Nigel Firth
Nigel Frith trader
Updated 1 Aug 2022

Trading according to trends is a popular way to stay ahead and create beneficial opportunities. This method allows you to identify price trends, analyse their qualities and plot trades accordingly. Trend trading is suitable for many markets, such as stocks or forex trading, and it can be applied to beginner or experienced trades.


Several methods can be used to recognize market trends. Many of these techniques are complex, but they don’t have to be in order to assist you successfully. One of the simplest ways to identify a trend is to determine whether a price is higher or lower than its average over a certain period of time. This alone will help in predicting the direction of future price movement. These periods of time can be anywhere from one to six months, with the latter being more effective.

Pullback entries

You can identify pullbacks when a new one-day low is reached for a price during an uptrend, or alternatively when a price reaches a new one-day high during a downtrend. Simply put, a pullback occurs when the price turns around in direction temporarily during a current trend. These could be trends that formed over three or six months. A pullback will be either above or below the previous low or high.

In this case, it is also advisable to allow the four-hour candlestick to span over a range that is longer than the general 30-period average true range (ATR) usually used. This method works on a favourable risk-to-reward ratio, which in turn creates more opportunities to earn profits. As with all forex trading advice for compiling strategies, it is vital to backtest these methods.

Breakout entries

Breakout entry techniques are often used in stock and commodity trading and can prove very profitable, but they are used less often in the forex market. Pullback entries might often seem like a better choice for this market, particularly because of the logical methods behind the price movement. However, there is one downfall found with pullbacks: false starts. Also known as whipsaws, these are one of the biggest problems traders come across when trend trading. These occur when your strategies send a trade signal, only to be followed by a reversal, causing your position to be stopped.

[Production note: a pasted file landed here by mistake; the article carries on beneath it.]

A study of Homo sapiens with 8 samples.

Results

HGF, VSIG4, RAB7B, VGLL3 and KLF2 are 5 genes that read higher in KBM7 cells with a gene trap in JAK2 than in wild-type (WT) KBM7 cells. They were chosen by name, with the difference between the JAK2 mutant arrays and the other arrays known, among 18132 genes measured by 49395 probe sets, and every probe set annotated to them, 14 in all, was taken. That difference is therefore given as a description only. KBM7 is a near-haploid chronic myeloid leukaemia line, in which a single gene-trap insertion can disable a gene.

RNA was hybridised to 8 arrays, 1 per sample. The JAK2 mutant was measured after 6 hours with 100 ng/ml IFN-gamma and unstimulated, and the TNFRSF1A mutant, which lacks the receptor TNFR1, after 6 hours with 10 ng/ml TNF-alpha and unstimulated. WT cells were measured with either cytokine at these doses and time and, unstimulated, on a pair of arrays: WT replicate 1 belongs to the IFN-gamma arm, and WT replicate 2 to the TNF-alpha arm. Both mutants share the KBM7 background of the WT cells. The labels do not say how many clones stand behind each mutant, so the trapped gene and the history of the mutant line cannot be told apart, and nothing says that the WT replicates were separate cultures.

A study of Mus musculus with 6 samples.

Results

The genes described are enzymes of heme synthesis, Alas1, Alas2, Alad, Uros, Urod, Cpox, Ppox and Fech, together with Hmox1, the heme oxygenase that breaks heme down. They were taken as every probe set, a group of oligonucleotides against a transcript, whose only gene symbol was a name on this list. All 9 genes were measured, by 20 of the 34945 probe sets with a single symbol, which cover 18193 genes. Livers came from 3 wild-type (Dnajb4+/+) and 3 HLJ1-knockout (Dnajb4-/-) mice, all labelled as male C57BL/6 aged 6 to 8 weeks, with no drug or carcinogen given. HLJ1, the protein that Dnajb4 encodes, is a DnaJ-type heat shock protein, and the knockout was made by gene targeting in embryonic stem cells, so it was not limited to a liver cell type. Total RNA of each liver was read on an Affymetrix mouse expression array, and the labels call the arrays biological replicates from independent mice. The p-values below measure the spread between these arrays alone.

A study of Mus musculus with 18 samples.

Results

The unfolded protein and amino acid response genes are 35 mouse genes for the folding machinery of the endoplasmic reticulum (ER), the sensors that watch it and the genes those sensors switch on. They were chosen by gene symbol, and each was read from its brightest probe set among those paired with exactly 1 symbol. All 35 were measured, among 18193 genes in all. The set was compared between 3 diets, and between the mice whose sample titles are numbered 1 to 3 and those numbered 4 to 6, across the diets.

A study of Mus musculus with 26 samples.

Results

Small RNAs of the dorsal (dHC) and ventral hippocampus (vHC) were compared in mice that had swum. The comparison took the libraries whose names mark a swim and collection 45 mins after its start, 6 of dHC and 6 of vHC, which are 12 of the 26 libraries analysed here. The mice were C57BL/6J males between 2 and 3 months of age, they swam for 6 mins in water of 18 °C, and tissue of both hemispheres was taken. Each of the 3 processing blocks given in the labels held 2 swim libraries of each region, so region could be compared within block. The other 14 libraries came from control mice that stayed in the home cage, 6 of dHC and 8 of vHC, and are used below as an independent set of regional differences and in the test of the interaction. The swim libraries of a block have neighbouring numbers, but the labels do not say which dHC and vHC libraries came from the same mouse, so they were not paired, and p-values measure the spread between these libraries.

A breakout strategy can avoid this problem with the use of secure filters, allowing you to identify the best places to enter in a trend. The following steps can be taken to implement a reliable breakout strategy:

  1. Use a four-hour candlestick chart to follow the trend direction.
  2. The simple moving average of the 18 period should be the trend side of the simple moving average of the 60 period.
  3. The current high or low should be above or below that of the previous candlestick trend side.
  4. The 10 period relative strength index should be more than 50 for an uptrend or less than 50 for a downtrend as the candlestick closes.
  5. The 30 period average true range should be less than the high-to-low range of the above-mentioned closed candlestick.

These steps allow for the long-term and short-term trends to be coherent when placing entries. The most important indicator for this method is the relative strength index, which forms the basis of each step. As mentioned previously, this strategy should also be backtested before it is implemented.

Both of these methods provide many advantages, with the breakout entries being better for small targets and the pullback entry method being better for bigger targets. You can test these in your own trades to find which one best suits your trading goals and personal style.


Nigel Firth
Nigel has been in the regulated financial services industry for nearly a decade, has previously owned a financial brokerage and has written many times for sites relating to personal finance and trading.